Image by Louis Hansel, Shots of Louis on Unsplash

Behind the brand: Female Builders & Interiors

Philippa Tuttiett, founder of Female Builders and Interiors, has a simple answer when I ask her to pinpoint the moment when her building career began.

“How far back do you want to go?” she laughs. “My dad’s a builder and I have a photo of me working with him as a child. I was so small there are breezeblock steps to the mixer, which gives you some idea as to how young I was!”

Many of us – myself included – might have felt nervous about stepping into what’s still a male-dominated industry, but Philippa has taken it in her stride. In fact, there’s plenty more she’s accomplished, including playing international rugby and founding her company. I caught up with her to find out how she made it in a man’s world.

Image of Philippa Tuttiett founder of Female Builders & Interiors
Image: Philippa Tuttiett, founder of Female Builders & Interiors
Q: When did you realise you were serious about the construction industry?

I worked with my dad all through high school, especially in the summer holidays, but I also wanted to do my A-levels and get a degree. I toyed with the idea of going into marketing and sales, so I went to Cardiff Uni to do a business communications degree. It was while I was there that I realised I didn’t need to choose between business and construction – I could do both. One of my assignments was to write a business plan for a new business and I focused on a female building company. I remember my lecturer saying, ‘If you could do this, you should seriously consider it.’

So, when I graduated, I worked full time for my father just to make sure that the building trade was definitely something I wanted to get into. Then in 2007, I applied for a postgrad grant from the Welsh Assembly Government to set up the business. And that was that!

Q: Did you ever consider you couldn’t be a builder because you’re a woman?

No, and I think that’s very much down to the person I am and the way that I was brought up. My mum always taught me that the way to make a difference is to focus on yourself and not to worry about everything going on around you. You do the best that you can do and that’s the most important thing.

I’m only ever aware that I’m different from the norm when I work on building sites where there are a lot of people. Even then, I’ve never experienced anything negative: mostly it’s just stares and you can’t fault people for that. They may never have seen a female builder before so it’s not surprising they take a second glance.

Q: Do you want the unique selling point of your company to be the fact that you’re female?

No – although when I first started out, being a female builder was very much my USP. It was a way to get my name out there and to become known. I’m now at the point where I say: ‘We can supply an all-female workforce if there’s a certain sensitive situation or it’s your personal preference. But actually, if we’re supplying the best people for the job, then we won’t look at whether they are male or female, we’ll just get in the best people.’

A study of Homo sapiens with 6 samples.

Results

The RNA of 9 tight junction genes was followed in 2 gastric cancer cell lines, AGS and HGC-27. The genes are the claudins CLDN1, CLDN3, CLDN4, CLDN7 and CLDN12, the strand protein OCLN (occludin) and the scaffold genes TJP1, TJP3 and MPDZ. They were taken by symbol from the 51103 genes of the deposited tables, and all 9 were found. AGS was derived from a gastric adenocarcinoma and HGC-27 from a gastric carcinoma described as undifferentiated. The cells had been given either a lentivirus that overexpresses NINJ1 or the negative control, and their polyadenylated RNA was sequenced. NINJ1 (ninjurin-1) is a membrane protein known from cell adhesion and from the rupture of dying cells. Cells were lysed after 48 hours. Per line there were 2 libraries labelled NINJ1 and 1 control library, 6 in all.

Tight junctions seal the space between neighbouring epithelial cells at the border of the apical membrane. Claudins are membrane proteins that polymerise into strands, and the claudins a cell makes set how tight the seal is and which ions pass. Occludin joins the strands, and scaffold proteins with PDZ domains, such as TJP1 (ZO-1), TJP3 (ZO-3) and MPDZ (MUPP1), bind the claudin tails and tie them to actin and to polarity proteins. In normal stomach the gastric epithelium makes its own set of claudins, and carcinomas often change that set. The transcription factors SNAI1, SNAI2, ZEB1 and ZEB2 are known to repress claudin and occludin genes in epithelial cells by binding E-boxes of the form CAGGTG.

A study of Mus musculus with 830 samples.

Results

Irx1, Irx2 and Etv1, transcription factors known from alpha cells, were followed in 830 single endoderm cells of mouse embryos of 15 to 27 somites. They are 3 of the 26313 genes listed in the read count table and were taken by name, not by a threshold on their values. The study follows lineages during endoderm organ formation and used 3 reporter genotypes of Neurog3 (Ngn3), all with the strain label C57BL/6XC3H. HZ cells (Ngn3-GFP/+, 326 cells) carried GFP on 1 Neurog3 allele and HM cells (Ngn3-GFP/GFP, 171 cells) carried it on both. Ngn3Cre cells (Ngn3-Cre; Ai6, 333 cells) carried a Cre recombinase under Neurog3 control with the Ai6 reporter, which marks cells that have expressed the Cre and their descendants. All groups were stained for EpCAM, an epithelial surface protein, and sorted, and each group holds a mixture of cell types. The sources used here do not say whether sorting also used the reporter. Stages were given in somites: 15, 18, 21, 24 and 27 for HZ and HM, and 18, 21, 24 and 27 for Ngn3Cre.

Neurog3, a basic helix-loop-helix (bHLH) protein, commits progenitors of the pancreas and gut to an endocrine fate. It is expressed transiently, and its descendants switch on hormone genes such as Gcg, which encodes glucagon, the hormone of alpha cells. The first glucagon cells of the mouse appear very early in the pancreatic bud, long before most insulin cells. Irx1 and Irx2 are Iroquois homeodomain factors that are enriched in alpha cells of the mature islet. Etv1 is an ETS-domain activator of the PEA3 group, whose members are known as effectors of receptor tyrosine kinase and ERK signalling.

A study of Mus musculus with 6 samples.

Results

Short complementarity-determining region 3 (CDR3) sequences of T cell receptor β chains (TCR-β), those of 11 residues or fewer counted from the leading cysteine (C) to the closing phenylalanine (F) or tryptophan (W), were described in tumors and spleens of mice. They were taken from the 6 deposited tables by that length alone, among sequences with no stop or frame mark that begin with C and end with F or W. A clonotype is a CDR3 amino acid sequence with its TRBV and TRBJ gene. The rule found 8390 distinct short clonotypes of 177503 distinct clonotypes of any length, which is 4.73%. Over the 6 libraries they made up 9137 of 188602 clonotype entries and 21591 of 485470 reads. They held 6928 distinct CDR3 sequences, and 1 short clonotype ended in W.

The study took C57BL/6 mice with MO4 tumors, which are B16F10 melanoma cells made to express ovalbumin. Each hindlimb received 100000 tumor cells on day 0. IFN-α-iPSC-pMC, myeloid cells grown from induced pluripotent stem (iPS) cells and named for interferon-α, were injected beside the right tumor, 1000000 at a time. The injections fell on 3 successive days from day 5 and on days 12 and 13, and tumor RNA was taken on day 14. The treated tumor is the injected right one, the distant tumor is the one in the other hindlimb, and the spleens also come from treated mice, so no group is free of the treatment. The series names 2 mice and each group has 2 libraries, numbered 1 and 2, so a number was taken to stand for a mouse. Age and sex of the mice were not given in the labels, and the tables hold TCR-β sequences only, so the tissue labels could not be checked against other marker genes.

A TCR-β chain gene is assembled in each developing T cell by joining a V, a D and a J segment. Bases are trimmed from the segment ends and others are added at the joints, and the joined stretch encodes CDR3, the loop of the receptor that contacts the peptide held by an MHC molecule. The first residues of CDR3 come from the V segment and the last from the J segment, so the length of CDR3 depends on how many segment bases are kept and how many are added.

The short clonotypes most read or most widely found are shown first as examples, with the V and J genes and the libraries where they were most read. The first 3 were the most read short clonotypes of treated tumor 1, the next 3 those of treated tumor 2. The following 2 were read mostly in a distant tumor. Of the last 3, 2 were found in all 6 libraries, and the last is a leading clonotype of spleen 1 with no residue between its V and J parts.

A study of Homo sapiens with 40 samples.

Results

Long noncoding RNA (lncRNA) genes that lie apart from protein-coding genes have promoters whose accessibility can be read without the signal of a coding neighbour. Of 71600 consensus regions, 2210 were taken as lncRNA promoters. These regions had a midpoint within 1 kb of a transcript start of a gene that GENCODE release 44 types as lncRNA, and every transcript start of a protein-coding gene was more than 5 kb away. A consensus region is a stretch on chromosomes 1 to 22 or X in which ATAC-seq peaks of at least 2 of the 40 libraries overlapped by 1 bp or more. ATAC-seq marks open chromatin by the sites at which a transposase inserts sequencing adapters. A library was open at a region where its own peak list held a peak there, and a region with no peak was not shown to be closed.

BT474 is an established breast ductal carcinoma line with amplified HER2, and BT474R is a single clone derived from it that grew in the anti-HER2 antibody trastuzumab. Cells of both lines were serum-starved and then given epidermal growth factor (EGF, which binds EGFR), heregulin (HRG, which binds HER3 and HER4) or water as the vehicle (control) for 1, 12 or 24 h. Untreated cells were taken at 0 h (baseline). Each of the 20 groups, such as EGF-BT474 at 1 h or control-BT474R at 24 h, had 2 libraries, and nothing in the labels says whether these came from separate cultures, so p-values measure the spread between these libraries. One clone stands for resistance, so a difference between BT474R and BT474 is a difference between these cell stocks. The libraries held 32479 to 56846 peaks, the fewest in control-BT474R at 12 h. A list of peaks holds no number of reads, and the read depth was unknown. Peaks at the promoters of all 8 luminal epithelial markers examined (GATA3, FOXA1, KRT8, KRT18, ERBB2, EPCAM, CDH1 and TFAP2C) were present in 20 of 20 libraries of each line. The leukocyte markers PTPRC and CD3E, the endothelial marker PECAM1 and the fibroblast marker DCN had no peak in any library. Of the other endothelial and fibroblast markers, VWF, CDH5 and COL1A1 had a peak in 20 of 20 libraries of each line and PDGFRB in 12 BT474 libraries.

And this is the point I wanted to get to. As much as I feel a responsibility as a female in an under-represented industry to shout about it, equally I want to stay away from saying ‘I’m a good builder because I am a woman’ because that’s not true.

Q: Are female builders still unusual?

Definitely. Plenty of people’s perceptions about gender have changed recently, but they do still struggle with the idea of a woman being a builder. There are so many industries where things have changed, but building isn’t one of them. I think it’s down to exposure. It’s that old cliché: if you see it, you believe it. You just don’t see many female builders in real life or on TV, so people don’t have a visual representation to draw on.

Ten years ago, I would go into schools and I would talk about being a female builder and everyone would think I was crazy. And then I told them that I played rugby for Wales and that blew their minds. Now I go into schools and I say that I’m a former international rugby player and the kids say, ‘Oh yeah, cool – I’ve seen it on TV’ or ‘I know about the women’s Rugby World Cup.’ But then I tell them I’m a builder and their minds are still blown!

I did a bit of TV work a few years ago and I had to fight to be called a builder and not a decorator. I worked the hardest I’ve ever worked and then for the second series I became the master builder (or head builder). That show didn’t carry on, but I think it proves the need for more visibility.

Q: What advice would you offer a woman wanting to break into the industry?

Contact your local builder or even the builders’ merchants. Ask for some work experience or to shadow someone, or see if they have some casual work or a short-term job you could get involved with. I would stay away from the big housing development companies. They do have apprenticeships on offer – and that’s something you may consider at maybe a later date – but a local jobbing builder will be fully appreciative of the time that you’re giving them. As a result, you will actually be taught things, rather than potentially being seen as a burden in a big company and just given out-of-the-way jobs. It’s all about getting that genuine experience.

About Female Builders & Interiors: To find out more about Philippa and Female Builders & Interiors visit the website.

Featured image: Photo by Louis Hansel @shotsoflouis on Unsplash.

Want more? Catch up on the first Behind the Brand blog, where we joined the founders of Lick for a chat about all-things paint.